US Special Representative for Venezuela Elliott Abrams during a briefing at the US Department of State about new sanctions February 18, 2020, in Washington, DC. - The United States on Tuesday announced sanctions against a subsidiary of Russian state-controlled oil giant Rosneft over its continued trade with Venezuela in defiance of Washington's attempt to break leftist President Nicolas Maduro's grip on power. (Photo by Brendan Smialowski / AFP) (Photo by BRENDAN SMIALOWSKI/AFP via Getty Images)
    Photo by BRENDAN SMIALOWSKI/AFP via Getty Images
    US Special Representative for Venezuela Elliott Abrams during a briefing at the US Department of State about new sanctions Tuesday, in Washington, DC.

    THE HAGUE — In a major legal defeat for the Russian government, a Dutch appeals court on Tuesday reinstated an international arbitration panel’s order that it should pay $50 billion compensation to shareholders in former oil company Yukos.

    The ruling overturned a 2016 decision by The Hague District Court that quashed the compensation order on the grounds that the arbitration panel did not have jurisdiction because the case was based on an energy treaty that Russia had signed but not ratified.

    The Hague Court of Appeal ruled that the 2016 decision “was not correct. That means that the arbitration order is in force again.”



    The arbitration panel had ruled that Moscow seized control of Yukos in 2003 by hammering the company with massive tax claims. The move was seen as an attempt to silence Yukos CEO Mikhail Khodorkovsky, a vocal critic of President Vladimir Putin.

    The 2014 arbitration ruling said that Russia was not acting in good faith when it levied the massive claims against Yukos, even though some of the company’s tax arrangements might have been questionable.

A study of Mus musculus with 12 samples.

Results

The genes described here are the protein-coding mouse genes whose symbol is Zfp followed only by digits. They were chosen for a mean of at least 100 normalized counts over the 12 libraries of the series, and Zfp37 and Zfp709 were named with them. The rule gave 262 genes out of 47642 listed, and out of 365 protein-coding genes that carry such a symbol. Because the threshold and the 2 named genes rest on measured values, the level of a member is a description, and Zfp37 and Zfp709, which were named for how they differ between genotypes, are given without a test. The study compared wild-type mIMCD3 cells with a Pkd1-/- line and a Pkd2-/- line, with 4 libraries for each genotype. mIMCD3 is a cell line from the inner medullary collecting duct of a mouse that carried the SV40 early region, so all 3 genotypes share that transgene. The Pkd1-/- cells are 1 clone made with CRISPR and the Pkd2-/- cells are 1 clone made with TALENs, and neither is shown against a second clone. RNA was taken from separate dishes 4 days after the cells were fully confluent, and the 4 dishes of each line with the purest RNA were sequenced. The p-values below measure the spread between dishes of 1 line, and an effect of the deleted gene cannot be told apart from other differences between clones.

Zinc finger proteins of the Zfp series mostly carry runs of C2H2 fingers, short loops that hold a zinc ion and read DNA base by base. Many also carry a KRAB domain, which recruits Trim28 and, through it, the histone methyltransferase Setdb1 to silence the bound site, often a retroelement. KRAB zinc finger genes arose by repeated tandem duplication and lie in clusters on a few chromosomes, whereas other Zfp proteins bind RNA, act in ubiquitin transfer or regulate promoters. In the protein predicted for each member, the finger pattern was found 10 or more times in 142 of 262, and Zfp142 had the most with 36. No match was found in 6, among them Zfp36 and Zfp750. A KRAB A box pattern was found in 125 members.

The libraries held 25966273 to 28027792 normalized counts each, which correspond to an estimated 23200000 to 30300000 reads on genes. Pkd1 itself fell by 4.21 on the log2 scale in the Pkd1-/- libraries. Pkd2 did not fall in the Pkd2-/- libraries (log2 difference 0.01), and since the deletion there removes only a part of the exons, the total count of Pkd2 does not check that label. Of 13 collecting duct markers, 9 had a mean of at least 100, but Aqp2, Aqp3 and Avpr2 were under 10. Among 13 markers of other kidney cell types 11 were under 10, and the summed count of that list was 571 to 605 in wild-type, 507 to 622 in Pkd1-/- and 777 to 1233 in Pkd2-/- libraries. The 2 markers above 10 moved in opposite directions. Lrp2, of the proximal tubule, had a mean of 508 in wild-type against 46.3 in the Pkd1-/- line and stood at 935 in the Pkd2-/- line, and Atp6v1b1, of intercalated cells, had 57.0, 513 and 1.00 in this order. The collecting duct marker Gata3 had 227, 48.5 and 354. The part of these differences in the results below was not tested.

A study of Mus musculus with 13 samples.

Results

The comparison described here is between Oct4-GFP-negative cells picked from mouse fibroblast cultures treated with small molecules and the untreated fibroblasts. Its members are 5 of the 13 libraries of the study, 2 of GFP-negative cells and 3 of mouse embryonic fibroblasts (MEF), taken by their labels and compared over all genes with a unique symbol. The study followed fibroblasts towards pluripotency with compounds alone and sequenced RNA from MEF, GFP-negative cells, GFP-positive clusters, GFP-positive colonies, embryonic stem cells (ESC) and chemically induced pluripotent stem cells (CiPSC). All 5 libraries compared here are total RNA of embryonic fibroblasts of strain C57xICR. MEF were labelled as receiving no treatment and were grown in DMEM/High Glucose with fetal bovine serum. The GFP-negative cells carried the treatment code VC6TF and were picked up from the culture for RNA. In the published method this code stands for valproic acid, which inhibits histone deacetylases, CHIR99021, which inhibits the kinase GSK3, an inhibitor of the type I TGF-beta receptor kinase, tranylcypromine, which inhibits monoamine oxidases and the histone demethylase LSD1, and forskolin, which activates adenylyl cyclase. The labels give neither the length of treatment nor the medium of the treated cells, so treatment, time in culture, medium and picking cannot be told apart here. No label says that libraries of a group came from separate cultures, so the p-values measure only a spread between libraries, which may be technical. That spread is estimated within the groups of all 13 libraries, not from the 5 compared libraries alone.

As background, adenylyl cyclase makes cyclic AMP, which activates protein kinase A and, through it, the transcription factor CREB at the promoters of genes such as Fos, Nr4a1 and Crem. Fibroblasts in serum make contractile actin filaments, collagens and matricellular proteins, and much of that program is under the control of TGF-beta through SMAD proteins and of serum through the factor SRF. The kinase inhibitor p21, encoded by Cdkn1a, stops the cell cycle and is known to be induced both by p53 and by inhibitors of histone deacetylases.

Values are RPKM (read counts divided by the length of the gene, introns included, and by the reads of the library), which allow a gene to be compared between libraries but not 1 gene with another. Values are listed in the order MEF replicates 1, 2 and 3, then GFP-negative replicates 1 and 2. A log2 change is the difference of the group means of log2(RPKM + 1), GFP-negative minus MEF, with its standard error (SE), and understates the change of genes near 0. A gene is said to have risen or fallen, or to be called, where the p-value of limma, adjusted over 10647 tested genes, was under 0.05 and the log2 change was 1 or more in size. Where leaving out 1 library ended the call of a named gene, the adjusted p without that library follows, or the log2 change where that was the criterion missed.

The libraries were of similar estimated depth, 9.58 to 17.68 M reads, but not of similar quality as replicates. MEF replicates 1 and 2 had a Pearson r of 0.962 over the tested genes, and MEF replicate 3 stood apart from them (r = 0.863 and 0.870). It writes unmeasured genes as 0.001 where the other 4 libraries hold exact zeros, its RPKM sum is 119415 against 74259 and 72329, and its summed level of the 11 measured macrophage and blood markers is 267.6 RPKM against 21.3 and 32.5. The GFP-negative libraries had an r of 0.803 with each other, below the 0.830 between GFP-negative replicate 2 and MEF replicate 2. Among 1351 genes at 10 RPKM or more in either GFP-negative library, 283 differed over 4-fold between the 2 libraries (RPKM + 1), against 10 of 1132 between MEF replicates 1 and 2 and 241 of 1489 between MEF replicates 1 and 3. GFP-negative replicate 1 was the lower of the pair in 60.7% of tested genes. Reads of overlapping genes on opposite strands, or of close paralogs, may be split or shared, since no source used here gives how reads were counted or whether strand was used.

Meanwhile, the Trump administration announced sanctions Tuesday on a Russian state-controlled brokerage that has helped the Venezuelan government skirt an American oil embargo and enabled President Nicolas Maduro to keep his grip on power in the South American country.


    The action is an unusually aggressive move against a company linked to the Russian state.

    Secretary of State Mike Pompeo said Rosneft Trading is the primary broker for the sale and transportation of Venezuelan crude oil, which has been under sweeping US sanctions since January 2019 as part of the pressure campaign against Maduro.

    “Rosneft Trading has propped up the dictatorial Maduro, enabling his repression of the Venezuelan people,” he said in announcing the sanctions.

    Rosneft Trading, based in Switzerland, was created in 2011 to facilitate trades on behalf of the parent company, which has been under US sanctions since 2014, said Elliott Abrams, the special US envoy for Venezuela.


    Rosneft spokesman Mikhail Leontyev called the sanctions “an absolute overreach” in comments to Russia’s Kommersant FM radio station.